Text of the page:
More than 500,000 deaths have occurred from COVID-19 in the United States
COVID-19 positive patients now have an option for treatment with monoclonal antibody therapy in some hospitals, but more likely in outpatient and long-term care settings. As a Registered Nurse tasked with administering monoclonal antibody therapy there are some things you need to know. Antibodies are proteins that the body can make naturally to fight off a virus and some antibodies are made in a lab. The FDA has approved three antibodies for emergency use to treat COVID-19. These antibodies include: bamlanivimab, casirivimab, and imdevima. Casirivimab and imdevimab must be given together and bamlanivimab is given alone.
First read your facilities policy on the administration of the monoclonal antibody therapy. Each facility has their own policy with a set of guidelines for administration of immunoglobulin therapy (IVIG) and monoclonal antibodies (mAbs).
So why are we using monoclonal antibodies and how do they help?
According to research the mAbs when given to patients early in their diagnosis of COVID-19 mAbs can be highly effective at avoiding serious illness, hospitalization, and in some cases death. The current mAbs that have emergency use approval by the Food and Drug Administration include bamlanivimab, casirivimab, and imdevimab. This treatment may save patient's lives and prevent unnecessary strain on the healthcare system. Additionally, there are stakeholders invested in the success of mAbs and data is still being collected and evidence is emerging from ongoing trials on the effectiveness of mAbs.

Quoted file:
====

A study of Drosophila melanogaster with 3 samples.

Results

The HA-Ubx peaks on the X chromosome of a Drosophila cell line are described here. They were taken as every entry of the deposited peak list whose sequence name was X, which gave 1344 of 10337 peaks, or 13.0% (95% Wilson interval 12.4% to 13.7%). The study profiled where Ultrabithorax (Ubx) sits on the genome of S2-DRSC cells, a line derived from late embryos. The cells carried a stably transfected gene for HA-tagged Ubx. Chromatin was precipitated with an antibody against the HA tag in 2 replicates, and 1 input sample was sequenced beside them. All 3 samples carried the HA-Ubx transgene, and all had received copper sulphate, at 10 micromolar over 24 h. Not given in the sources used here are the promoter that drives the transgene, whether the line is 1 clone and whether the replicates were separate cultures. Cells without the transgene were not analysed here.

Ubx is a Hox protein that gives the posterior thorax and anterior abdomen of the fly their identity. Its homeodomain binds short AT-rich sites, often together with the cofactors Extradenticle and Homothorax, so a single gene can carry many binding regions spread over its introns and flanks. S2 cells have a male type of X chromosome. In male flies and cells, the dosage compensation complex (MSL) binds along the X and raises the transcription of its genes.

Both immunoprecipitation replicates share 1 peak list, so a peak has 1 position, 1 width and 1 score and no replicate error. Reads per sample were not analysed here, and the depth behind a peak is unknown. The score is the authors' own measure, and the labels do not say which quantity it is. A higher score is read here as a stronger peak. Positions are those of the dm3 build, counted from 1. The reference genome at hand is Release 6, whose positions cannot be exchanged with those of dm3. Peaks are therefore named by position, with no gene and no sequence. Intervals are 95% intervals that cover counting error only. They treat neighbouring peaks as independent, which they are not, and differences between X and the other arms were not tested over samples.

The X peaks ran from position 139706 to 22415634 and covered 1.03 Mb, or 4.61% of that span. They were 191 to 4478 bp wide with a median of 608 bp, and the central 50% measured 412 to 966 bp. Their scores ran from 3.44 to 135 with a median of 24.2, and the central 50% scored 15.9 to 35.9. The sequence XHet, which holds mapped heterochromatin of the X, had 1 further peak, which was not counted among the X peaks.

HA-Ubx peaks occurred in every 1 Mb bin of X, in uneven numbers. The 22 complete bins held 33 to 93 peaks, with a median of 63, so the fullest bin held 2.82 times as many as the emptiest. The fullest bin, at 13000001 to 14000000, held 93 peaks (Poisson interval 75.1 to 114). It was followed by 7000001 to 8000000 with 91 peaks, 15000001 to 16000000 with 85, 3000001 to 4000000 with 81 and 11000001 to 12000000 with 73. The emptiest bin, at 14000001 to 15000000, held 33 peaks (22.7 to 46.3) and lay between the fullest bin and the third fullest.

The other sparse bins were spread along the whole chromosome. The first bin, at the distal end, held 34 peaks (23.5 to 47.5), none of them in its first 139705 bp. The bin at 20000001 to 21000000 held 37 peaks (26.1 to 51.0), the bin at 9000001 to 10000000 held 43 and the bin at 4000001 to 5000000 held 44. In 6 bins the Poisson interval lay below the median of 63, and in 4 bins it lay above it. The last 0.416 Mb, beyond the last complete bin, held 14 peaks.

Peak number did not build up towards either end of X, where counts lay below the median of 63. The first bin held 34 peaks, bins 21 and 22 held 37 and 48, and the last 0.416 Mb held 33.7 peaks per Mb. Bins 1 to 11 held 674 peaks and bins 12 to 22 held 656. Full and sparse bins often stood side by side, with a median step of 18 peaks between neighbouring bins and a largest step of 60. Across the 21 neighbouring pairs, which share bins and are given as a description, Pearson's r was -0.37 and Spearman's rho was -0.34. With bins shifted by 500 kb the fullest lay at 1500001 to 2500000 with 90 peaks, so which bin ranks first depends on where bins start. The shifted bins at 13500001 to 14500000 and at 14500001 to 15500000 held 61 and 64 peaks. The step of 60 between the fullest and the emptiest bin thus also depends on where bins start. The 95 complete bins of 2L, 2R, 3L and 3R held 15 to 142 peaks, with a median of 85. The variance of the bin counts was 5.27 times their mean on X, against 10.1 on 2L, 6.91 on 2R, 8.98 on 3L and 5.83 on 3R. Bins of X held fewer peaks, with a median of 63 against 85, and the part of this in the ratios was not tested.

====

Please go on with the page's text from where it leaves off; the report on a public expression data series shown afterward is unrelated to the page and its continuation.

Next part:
Let’s give the monoclonal antibodies
You have the order to administer the mAbs. What do you do next? You may be excited, nervous, and unsure. It is okay! Here are some burning questions you need to have clarity on before giving the medication
· Did you complete your facilities training program? To give you proficiency at delivering the mAbs ordered?
· Is informed consent obtained?
· Read the order again!
· Verify the five rights of medication administration.
o Right patient
o Right drug
o Right dose
o Right route
o Right time
The five medication rights will help prevent a medication error.
Now that you have verified these five rights let's give the medication.
Are you giving the medication intravenous or subcutaneous? What is the rate of administration? Do you need to pre-medicate the patient?
Is your IV site patent? Is the IV site free of infiltration, pain, and redness? · How often do you need to do vital signs per your facility policy? · Is there a trained physician or mid-level practitioner on-site in case there is a severe reaction, and are they aware you are giving this medication now?
Is the facilities emergency code cart stocked with supplies during the antibody infusion?
No LPN’s are allowed to administer IV antibody therapy. · LPN’s may administer subcutaneous antibodies under supervision. http://www.op.nysed.gov/prof/nurse/nurse-iv-monoclonal.htm#
I hope this gives you some insight into information you need before you give monoclonal antibody therapy.